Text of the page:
Blowing Shofar on Shabbat
In Mishnah Rosh HaShannah 4:1 we read,
יום טוב שלראש השנה שחל להיות בשבת, במקדש היו תוקעים אבל לא במדינה. משחרב בית המקדש התקין רבן יוחנן בן זכאי שיהו תוקעין בכל מקום שיש בו בית דין. אמר רבי אלעזר: לא התקין רבן יוחנן בן זכאי אלא ביבנה בלבד. אמרו לו: אחד יבנה ואחד כל מקום שיש בו בית דין
The festival day of the New Year which coincided with the Sabbath-in the Temple they would sound the shofar, but not in the provinces. When the Temple was destroyed, Rabban Yohanan ben Zakkai made the rule that they should sound the shofar in every locale in which there was a court. Said R. Eleazar, “Rabban Yohanan b. Zakkai made that rule only in the case of Yabneh alone.” They said to him, “All the same are Yabneh and every locale in which there is a court.”
(Neusner trans.)From this mishnah one can see that originally if Rosh HaShannah fell on Shabbat, originally it was only in the Temple that the shofar would be blown, while eventually it spread to every place in which there was a court. The next mishnah points out a difference between Jerusalem and Yabneh,
“And in this regard also was Jerusalem ahead of Yabneh; in every town which is within sight and sound [of Jerusalem], and nearby and was able to come up to Jerusalem, they sound the shofar. But as to Yabneh, they sound the shofar only in the court alone.” (4:2)
The opinion found in the Jerusalem Talmud and the Sifra is that blowing a shofar on Shabbat is a Biblical prohibition which received a special dispensation to be blown in the Temple on Shabbat (jRosh HaShannah 4:1) On the other hand, in the Babylonian Talmud blowing a shofar is interpreted as only a rabbinic prohibition and outside of the Temple it was prohibited lest one carry it more than four amot in the public domain (bRosh HaShannah 29b).
Very little is known about the blowing of the shofar on Shabbat during the Amoraic period, but there is much to say about the post-Talmudic period. First there is the well-known tradition that the Rif apparently took the statement of the Mishnah that the Shofar may be blown on Shabbat “in every locale in which there was a court” literally and at his court the shofar was blown if Rosh haShannah fell on Shabbat (see e.g. Ritba on RH 29b s.v. אמרו לו, Rosh 4:1, and Ran on the Rif at the beginning of chapter 4 s.v. ונראה). While this tradition of the Rif is well-known, there is little evidence that I know of that other sages during the late medieval period were also of this opinion. What has become clear since the discovery of the Cairo Geniza is that in Jerusalem at the בית הועד, which was the place of the central court, sometime during the classical period of piyyut (ending in the 8th c.), the shofar was blown if Rosh HaShannah fell on Shabbat. A number of piyyutim have been discovered which describe the blowing of the shofar on Shabbat at the בית הועד (see Herr, p. 78, n. 82). A number of years ago Ezra Fleischer published one of these piyyutim which was unique in that it described a peculiar way in which the shofar was blown on Shabbat. The relevant part reads,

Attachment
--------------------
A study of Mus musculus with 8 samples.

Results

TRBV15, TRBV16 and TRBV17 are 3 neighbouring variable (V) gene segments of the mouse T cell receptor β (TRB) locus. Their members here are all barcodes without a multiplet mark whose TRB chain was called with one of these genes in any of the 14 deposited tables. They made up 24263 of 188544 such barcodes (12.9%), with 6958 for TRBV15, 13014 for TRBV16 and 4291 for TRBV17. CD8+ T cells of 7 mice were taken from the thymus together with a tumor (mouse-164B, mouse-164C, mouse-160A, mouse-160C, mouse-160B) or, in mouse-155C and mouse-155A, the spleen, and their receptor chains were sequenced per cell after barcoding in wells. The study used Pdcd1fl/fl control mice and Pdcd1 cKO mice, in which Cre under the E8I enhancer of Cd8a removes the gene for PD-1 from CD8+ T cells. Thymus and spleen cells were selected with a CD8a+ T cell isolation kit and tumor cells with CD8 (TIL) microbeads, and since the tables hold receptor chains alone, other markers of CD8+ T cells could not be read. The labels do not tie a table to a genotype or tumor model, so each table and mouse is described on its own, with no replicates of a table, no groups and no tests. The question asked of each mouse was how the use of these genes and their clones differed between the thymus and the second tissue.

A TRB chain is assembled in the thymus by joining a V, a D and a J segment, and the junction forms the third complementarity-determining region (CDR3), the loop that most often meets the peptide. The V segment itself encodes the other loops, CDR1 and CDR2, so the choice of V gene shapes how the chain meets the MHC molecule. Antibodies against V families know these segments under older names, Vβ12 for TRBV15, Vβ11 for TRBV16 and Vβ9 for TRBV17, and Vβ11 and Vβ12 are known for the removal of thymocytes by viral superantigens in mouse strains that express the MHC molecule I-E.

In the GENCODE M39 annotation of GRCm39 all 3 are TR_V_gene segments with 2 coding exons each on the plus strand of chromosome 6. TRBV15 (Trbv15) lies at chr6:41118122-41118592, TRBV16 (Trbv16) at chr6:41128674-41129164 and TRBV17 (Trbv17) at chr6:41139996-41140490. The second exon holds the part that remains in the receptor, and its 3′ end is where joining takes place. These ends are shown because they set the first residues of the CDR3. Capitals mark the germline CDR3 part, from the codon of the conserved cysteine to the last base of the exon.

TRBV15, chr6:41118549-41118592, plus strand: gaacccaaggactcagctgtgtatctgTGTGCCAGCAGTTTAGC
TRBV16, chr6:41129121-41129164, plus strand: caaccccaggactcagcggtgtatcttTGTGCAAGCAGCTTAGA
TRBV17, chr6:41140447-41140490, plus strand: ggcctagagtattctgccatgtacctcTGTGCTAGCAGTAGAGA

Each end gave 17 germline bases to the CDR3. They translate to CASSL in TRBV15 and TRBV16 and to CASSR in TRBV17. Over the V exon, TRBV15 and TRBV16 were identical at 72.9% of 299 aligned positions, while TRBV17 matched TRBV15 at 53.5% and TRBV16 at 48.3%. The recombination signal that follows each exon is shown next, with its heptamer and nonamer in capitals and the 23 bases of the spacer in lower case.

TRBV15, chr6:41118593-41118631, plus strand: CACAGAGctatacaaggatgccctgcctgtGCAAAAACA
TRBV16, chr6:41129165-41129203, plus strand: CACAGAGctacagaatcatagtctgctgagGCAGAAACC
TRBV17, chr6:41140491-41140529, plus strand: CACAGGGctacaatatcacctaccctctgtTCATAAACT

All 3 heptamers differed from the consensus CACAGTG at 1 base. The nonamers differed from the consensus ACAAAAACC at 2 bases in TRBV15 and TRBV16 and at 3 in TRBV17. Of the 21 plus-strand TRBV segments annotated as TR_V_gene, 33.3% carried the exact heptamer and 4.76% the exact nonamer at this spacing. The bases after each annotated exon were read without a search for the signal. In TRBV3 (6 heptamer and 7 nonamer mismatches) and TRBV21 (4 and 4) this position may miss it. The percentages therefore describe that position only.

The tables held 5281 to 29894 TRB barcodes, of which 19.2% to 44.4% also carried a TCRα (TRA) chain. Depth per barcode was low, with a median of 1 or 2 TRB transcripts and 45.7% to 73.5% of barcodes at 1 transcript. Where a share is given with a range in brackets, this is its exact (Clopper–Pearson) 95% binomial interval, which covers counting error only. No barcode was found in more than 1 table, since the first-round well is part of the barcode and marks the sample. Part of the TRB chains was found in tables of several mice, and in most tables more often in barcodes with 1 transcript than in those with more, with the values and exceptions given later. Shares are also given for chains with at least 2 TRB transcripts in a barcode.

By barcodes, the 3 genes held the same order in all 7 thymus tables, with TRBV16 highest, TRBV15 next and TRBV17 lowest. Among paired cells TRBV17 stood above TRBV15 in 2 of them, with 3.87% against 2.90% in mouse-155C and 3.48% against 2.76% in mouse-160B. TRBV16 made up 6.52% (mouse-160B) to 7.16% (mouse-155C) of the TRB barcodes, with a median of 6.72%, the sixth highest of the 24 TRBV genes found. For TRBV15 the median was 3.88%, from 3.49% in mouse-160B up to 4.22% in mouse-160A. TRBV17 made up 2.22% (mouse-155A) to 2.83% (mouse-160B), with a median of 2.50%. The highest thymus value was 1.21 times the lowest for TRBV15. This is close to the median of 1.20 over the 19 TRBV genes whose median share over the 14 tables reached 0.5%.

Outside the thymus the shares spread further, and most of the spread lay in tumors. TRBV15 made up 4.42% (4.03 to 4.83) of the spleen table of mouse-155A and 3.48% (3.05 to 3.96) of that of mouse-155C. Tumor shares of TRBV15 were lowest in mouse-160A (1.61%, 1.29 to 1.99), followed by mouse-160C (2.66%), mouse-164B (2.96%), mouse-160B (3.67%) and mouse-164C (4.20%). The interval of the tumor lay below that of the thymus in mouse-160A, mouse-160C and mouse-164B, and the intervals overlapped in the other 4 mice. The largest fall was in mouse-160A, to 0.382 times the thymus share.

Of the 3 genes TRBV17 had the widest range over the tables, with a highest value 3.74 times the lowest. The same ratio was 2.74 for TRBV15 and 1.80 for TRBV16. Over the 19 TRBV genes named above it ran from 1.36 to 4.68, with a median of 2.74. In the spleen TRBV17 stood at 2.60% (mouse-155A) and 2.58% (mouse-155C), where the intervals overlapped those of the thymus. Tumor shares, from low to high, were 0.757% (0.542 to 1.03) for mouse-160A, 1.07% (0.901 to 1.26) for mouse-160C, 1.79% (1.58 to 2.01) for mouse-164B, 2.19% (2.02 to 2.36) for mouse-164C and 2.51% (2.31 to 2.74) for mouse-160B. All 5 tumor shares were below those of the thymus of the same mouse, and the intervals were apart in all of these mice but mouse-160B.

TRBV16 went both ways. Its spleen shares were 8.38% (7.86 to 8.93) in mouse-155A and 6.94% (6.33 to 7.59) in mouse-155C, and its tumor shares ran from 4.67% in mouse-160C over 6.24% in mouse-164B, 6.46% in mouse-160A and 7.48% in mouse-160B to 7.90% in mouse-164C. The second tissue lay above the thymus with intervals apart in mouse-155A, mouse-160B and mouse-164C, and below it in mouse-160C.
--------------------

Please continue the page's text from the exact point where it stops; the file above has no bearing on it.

מלך הזהיר בועד/ שיהוא תוקעים בבית הועד/בשבת וראש השנה
מלך חיזקם בלימוד/שיהא שופר קשור לעמוד/בשבת וראש השנה
מלך רחש שלא יימשך ביד/אבל ינתן פה בו והוא מגוייד/ בשבת וראש השנה
From this piyyut we can learn the following: 1. the shofar was blown at beit hava’ad; 2. the shofar was tied to a column, “שיהא שופר קשור לעמוד”; and 3. no one was allowed to touch the shofar with their hands, only with their mouth. Numerous interpretations of this strange way of blowing the shofar have been given with David Henshke of the opinion that the source of this peculiar arrangement came about because of an uncertainty regarding the status of the court at that time and whether its status was enough to permit the blowing of the shofar on Shabbat.In the modern period there was an attempt by R. Akiba Yosef Schlesinger to institute the blowing of the shofar in the Old City of Jerusalem if Rosh HaShannah fell on Shabbat. R. Schlesinger published a pamphlet in 1881 and a number of articles in the journal Tel Talpiot in 1904/5 arguing that it was permitted to blow the shofar on Shabbat in certain places in the Old City. There was some disagreement as to whether any of the leading rabbinic figures at the time agreed with his opinion and a story even circulated that R. Schlesinger closed the windows and doors of his house and blew the shofar on Shabbat (see Zevin and Tukichinsky for details of this very interesting episode). Updated bibliography thanks to Mordechai and Dan.
Shannah Tovah uMetukah.
Sources: Ezra Fleischer, “Piyyut al Sidrei haTekiyah beShofar beEretz Yisrael beRosh HaShannah veShabbat”, Tarbitz 54, 61-66; Avraham Goldberg, “Yomayim Rosh HaShannah beEI uBitul haTekiot behag sheHal beShabbat”, Mahanayyim 73 (here); David Henshke, “Tekiat Shofar beShabbat”, Sidra 8, 19-37; M.D. Herr, “Inyanei Halakhah beEretz Yisrael beMeah haShishit vehaShevi’it leSefirat haNotzrim”, Tarbitz 49, 62-80; Betzalel Landy, The Controversy About Blowing Shofar on Shabbat in Jerusalem, Yeshurun no. 1, 433-440; R. Shlomo Sprecher, Additions to the above article in Yeshurun, in the same vol., 441-443; Yosef Tabory, Moadei Yisrael BeTekufat haMishnah vehaTalmud, pp. 249-252, see literature cited in n. 129; Yehiel Michael Tukichinsky, Ir HaKodesh vehaMikdash, vol. 3, p. 283 ff. (thanks to here for this reference); Shlomo Yosef Zevin, HaMoadim BeHalakhah.